NORTH SALT LAKE -- In a three-page response to the Salt Lake County Council, officials from Stericycle admit the company is the subject of a federal investigation but claim it is cooperating in the probe.
The company's statement was aimed at clearing what it cites as misinformation about the medical waste-incineration process.
The letter refutes claims made to the council Tuesday, which led the group to call on Gov. Gary Herbert to shut down the North Salt Lake medical-waste facility.
Stericycle has been cited by the state's Division of Air Quality for exceeding the limits of state permits on plant emissions. The company has contested some of those charges.
The letter addresses eight specific claims made in the council letter to the governor.
It addresses the need to incinerate waste; the issue of whether incineration spreads disease; the claim the company's emissions issues are more than a neighborhood issue; the claim about being the subject of both state and federal investigations; shutdown and upset conditions that led to bypass emissions; the importing of medical waste from other Western states; and the question of whether Herbert has the authority to shut down the facility.
Points made in the company response include:
* There is a need to incinerate medical waste, despite claims otherwise. It says incinerated medical waste makes up about 10 to 15 percent of the total medical-waste stream.
* The NSL incinerator is a minor source of air emissions and contributes "negligible" amounts of emissions to the inversion problems along the Wasatch Front.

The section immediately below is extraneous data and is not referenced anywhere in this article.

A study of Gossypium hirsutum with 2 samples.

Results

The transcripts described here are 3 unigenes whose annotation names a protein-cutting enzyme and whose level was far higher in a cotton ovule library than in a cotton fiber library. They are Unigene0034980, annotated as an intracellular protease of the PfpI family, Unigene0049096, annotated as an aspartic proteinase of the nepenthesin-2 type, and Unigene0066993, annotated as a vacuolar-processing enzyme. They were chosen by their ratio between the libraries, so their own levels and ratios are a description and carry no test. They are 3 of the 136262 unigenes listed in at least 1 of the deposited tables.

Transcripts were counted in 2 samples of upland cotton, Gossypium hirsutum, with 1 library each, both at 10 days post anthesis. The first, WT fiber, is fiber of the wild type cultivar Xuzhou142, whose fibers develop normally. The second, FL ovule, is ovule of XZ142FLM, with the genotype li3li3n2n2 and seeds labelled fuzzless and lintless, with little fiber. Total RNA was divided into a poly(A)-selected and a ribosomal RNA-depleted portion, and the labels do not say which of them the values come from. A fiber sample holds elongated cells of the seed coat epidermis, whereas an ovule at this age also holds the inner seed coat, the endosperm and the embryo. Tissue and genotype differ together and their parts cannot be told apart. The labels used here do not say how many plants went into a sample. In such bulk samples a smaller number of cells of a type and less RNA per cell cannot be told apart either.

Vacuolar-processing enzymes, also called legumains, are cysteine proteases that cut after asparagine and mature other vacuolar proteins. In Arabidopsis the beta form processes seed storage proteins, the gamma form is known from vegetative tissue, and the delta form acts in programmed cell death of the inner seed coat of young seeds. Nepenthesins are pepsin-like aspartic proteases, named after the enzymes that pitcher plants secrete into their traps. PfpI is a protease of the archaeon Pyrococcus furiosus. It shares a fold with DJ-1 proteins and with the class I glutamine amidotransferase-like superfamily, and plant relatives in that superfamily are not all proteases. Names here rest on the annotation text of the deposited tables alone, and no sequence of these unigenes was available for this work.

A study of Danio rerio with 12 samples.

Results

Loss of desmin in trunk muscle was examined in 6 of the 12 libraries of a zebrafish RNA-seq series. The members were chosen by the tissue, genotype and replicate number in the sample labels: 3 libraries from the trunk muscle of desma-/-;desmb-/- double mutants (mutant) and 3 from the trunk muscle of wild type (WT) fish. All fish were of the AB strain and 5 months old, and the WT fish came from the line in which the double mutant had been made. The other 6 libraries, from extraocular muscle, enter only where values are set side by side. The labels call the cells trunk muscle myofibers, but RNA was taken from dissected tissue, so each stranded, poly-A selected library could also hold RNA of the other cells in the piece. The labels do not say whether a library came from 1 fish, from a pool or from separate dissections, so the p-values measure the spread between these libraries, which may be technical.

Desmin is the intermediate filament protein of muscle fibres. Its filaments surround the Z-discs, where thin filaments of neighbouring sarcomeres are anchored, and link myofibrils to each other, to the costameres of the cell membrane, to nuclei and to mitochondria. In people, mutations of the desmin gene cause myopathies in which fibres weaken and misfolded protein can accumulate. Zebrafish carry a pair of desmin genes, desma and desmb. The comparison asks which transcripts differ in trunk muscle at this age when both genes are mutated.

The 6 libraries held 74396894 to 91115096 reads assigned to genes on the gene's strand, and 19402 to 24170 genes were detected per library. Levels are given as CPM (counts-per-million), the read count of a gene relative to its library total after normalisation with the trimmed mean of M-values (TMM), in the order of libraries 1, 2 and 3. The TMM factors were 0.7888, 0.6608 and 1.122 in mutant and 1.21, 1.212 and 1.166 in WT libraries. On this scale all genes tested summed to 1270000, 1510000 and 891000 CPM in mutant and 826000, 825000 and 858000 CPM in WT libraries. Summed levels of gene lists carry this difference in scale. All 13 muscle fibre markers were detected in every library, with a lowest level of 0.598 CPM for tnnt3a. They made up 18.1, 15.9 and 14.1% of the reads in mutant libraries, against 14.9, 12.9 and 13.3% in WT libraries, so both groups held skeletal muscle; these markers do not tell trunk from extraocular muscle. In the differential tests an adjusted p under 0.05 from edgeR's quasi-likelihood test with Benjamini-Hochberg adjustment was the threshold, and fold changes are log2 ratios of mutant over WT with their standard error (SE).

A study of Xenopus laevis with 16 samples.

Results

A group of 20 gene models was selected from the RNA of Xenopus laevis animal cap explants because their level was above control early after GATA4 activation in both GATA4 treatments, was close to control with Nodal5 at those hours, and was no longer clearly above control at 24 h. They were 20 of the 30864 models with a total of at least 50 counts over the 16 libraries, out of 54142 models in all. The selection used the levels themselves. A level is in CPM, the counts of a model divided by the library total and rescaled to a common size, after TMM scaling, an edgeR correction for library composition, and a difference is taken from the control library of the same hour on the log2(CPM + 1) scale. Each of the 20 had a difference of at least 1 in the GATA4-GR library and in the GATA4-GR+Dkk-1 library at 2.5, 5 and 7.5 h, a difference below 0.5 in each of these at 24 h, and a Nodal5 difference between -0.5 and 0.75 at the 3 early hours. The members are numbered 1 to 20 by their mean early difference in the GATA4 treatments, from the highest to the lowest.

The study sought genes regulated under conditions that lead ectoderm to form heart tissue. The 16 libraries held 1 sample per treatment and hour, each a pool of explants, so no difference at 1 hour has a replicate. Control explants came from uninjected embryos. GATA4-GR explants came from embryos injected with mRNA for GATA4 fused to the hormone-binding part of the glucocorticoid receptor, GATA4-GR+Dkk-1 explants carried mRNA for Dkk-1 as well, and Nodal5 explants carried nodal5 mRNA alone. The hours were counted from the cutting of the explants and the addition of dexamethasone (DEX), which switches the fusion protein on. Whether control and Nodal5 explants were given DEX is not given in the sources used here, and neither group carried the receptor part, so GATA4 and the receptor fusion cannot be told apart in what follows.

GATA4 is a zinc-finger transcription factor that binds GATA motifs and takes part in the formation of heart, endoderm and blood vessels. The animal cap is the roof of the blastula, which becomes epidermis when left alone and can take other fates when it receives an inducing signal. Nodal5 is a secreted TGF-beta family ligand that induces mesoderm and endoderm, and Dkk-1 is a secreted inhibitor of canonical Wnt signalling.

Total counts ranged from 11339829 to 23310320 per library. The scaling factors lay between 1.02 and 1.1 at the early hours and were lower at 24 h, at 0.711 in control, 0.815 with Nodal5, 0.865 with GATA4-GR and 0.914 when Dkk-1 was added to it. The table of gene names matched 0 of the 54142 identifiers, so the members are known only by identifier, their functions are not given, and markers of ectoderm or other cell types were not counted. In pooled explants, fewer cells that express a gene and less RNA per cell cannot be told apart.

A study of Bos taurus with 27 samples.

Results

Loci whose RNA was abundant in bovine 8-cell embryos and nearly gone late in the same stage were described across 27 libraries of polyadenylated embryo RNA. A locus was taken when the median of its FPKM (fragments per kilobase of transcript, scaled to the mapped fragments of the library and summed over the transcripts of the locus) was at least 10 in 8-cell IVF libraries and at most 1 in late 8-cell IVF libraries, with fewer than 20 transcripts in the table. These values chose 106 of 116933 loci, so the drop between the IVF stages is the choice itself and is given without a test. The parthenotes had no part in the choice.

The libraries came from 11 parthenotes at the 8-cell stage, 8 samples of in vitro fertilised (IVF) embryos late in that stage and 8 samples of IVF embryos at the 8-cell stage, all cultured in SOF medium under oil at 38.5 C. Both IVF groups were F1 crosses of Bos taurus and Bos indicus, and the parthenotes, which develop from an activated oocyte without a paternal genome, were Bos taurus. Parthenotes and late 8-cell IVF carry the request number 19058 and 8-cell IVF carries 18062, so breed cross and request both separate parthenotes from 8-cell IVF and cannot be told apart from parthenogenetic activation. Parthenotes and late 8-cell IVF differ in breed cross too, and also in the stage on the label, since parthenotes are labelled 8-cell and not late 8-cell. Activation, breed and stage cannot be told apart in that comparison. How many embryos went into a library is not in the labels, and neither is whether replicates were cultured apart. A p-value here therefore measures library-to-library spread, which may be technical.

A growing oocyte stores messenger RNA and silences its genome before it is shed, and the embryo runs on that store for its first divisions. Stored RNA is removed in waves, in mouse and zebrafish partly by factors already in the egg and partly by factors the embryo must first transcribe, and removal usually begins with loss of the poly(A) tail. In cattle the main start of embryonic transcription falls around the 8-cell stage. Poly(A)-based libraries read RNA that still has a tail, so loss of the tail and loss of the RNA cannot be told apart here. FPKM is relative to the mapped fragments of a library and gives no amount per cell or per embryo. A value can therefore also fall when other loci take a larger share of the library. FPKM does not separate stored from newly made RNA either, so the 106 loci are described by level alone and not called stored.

* There are no studies that show emissions from incinerators can travel hundreds of miles.
"Generalized assertions like this can be made about any and all sources of air emissions in Utah. Such grossly overstated and simplified claims should not drive policy decisions," states the letter.
* The relief stack, or bypass, used by Stericycle is used infrequently and has been open approximately 0.05 percent of operating hours in 2013.
"These emissions are estimated and reported to the state," states the letter.
* Medical waste from Utah is exported to other states and would end up in Beehive State landfills otherwise.
* Stericycle's emissions are not creating a public health risk or emergency.
* There is no need for Herbert to consider closing the plant because it is "not creating any significant risk of harm." It says closing the plant would put 55 local residents out of work.
The response comes as opponents of the Illinois-based company ratchet up pressure for the company to move or be closed.
Alicia Connell, one of the NSL organizers who has pushed for Stericycle to be closed, said the group is working on a lot of fronts to increase pressure. The group has also reached out to environmental activist Erin Brockovich and gotten her team involved in the effort against the company.
Stericycle's claims that the company's emissions pose no health risk for local residents in southern Davis County or along the Wasatch Front run counter to presentations made by Dr. Brian Moench, of Utah Physicians for a Healthy Environment.
Moench said there are studies linking exposure to emissions from heavy metals to birth defects. He calls the emissions from Stericycle a "crime against our children" and said there is no safe exposure level to the emissions.